Employment Law Update – Ensuring Punishment Fits the Crime

I found this article relating to Employment Law which I thought may be of interest. So here it is for you

A controversial decision at Eden Park last week has lead in many rugby supporters view to an unfair outcome.

On Saturday Wales played the French side in the Rugby World Cup. 18 minutes into the game Irish referee Alain Rolland made the decision to send off the Welsh captain, Sam Warburton for what he considered to be a spear tackle against Les Bleus winger Vincent Clerc. Warburton was indeed guilty of lifting Clerc in the tackle. It was clearly a penalty and merited a yellow card, but – without consulting further – Rolland decided to issue a red card and Warburton was sent off. The shock was palpable; even the French fans felt the decision was unduly onerous. The final score was Wales 8, France 9. It has been very widely commented that the wrong team has gone forward to play the All Blacks in the final.

Businesses can learn from this incident. When dealing with disciplinary matters, employers may well reach the conclusion that the employee is guilty of a breach of some rule that the case has been made out and then have to consider a sanction. It is vitally important to ensure that any punishment ‘fits the crime’. The sanction should reflect not only the severity of the offence, but where you are in the disciplinary process, i.e., is it a first minor offence or is it the third time you have disciplined the employee for the same or a similar offence? Is the matter very serious, which might merit dismissal for a first offence? You must also properly consider any mitigating factors, such as length of service, general track record, remorse expressed by the employee (if any) and his commitment to meet standards in the future?


As a general rule, if there’s any whisker of doubt, it’s best to err on the side of caution. That’s understandable. If you deprive someone of their livelihood, it is a serious matter. If the employee then re-offends while the warning is live you have given him every possible opportunity and support and he must expect the ultimate sanction.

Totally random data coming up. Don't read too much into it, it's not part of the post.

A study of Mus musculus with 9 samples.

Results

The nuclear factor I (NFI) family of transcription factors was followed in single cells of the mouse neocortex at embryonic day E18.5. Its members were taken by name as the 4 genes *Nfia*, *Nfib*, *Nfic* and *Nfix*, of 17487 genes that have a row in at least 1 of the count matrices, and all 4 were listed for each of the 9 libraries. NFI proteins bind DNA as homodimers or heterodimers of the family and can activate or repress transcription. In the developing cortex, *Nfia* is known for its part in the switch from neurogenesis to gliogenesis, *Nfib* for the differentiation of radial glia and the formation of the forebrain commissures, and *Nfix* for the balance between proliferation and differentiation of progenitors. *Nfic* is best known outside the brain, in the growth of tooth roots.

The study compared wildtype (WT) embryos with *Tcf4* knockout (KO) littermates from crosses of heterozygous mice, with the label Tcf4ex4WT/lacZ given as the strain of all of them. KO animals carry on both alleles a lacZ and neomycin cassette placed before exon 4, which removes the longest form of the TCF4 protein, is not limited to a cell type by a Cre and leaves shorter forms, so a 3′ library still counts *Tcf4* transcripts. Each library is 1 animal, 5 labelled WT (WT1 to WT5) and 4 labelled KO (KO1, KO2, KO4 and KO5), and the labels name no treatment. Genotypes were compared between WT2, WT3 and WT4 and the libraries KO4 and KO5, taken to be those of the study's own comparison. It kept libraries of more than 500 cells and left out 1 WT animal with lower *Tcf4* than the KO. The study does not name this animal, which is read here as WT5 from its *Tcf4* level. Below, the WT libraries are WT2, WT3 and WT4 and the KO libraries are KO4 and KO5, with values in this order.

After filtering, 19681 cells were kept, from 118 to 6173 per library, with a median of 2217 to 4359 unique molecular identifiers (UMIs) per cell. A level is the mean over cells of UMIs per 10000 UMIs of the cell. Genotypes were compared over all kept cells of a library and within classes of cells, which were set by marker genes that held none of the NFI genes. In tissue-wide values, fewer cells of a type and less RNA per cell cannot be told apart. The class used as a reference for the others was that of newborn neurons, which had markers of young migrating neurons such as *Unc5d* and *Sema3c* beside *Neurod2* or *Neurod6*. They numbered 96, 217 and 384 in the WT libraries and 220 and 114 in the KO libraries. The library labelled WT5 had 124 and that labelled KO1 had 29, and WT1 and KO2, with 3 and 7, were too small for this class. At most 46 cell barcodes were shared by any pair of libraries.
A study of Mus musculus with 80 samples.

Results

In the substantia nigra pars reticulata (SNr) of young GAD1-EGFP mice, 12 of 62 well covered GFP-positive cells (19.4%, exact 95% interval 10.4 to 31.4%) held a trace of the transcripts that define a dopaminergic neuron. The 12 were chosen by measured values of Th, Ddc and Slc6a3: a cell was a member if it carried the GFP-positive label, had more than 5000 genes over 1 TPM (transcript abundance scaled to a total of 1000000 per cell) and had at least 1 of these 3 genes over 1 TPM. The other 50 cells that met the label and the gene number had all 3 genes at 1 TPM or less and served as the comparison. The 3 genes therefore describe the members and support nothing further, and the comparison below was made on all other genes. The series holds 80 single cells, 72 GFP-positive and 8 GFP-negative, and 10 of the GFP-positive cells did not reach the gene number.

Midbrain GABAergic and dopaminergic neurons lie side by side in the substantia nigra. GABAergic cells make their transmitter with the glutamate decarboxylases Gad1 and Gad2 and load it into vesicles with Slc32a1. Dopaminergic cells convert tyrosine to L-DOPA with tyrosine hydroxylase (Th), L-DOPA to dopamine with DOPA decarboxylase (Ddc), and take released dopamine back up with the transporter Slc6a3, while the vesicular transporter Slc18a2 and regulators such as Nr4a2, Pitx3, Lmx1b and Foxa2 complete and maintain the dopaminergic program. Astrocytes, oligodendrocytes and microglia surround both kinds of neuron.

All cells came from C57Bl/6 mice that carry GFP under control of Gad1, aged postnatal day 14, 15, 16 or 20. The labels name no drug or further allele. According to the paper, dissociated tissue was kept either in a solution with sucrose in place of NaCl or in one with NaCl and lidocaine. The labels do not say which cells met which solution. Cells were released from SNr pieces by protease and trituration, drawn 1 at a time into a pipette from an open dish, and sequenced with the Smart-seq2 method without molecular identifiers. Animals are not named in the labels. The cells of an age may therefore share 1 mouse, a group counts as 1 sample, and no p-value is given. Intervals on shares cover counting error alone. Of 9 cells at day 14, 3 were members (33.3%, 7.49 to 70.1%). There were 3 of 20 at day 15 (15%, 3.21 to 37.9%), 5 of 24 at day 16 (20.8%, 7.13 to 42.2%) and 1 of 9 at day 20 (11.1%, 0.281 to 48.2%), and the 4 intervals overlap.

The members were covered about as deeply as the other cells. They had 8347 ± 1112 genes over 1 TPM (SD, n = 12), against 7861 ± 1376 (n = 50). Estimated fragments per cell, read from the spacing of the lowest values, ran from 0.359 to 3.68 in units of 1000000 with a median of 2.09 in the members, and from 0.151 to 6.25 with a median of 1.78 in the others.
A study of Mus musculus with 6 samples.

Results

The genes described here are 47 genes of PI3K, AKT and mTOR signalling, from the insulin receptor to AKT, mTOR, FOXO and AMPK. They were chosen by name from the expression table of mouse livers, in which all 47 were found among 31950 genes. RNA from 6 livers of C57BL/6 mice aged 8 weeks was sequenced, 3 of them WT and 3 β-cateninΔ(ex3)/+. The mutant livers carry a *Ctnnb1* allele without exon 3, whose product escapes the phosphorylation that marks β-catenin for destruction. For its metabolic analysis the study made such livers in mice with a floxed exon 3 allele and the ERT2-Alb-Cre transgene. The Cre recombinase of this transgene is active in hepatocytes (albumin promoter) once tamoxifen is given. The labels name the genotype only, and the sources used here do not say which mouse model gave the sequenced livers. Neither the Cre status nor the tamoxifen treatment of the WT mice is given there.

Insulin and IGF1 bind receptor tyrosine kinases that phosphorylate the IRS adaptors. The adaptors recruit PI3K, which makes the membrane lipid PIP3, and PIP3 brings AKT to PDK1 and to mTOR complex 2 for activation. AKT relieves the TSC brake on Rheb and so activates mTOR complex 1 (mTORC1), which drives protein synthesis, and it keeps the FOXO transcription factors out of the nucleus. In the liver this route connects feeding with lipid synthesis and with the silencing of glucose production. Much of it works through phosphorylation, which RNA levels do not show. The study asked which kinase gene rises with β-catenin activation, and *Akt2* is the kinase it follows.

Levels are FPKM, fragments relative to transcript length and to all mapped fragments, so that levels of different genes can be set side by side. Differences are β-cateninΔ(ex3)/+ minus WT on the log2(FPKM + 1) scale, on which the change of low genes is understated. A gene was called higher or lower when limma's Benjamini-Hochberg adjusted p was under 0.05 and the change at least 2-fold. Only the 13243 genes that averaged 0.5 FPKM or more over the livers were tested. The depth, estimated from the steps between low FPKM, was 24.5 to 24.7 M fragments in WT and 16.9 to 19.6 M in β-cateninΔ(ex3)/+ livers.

Giving too oppressive a warning can be regarded as a breach of contract and you could face a constructive unfair dismissal claim. Make sure the reasons for your decision are clear, consistent with the organisation’s disciplinary practices. Mr Rolland will go down in rugby history as the referee who made a very poor decision. It’s not likely to be a career enhancing moment for him. Make sure you check all the facts and that your decision is correct, proportionate and justifiable.

Russell HR Consulting provides expert knowledge in the practical application of employment law as well as providing employment law training and HR support services. For more information, visit our website at http://www.russellhrconsulting.co.uk or call a member of the team on 0845 644 8955.

Russell HR Consulting offers HR services to businesses nationwide, including Buckinghamshire (covering Aylesbury, High Wycombe, Milton Keynes, Bedford, Banbury, Northampton, Towcester and surrounding areas), Nottinghamshire (covering Chesterfield, Mansfield, Nottingham, Sheffield, Worksop and surrounding areas) and Hampshire (covering Aldershot, Basingstoke, Reading, Farnborough, Fareham, Portsmouth, Southampton and surrounding areas).

Kate Russell started Russell HR Consulting in 1998 and now divides her time between advising businesses of all sizes on HR issues, and delivering a range of highly practical employment law awareness training to line managers, including a range of public workshops. Her unique combination of legal background, direct line management experience and HR skills, enables Kate to present the stringent requirements of the law balanced against the realities of working life. She is a senior presenter for several companies and a popular public speaker. Kate completed an MA in strategic human resource management in 2004.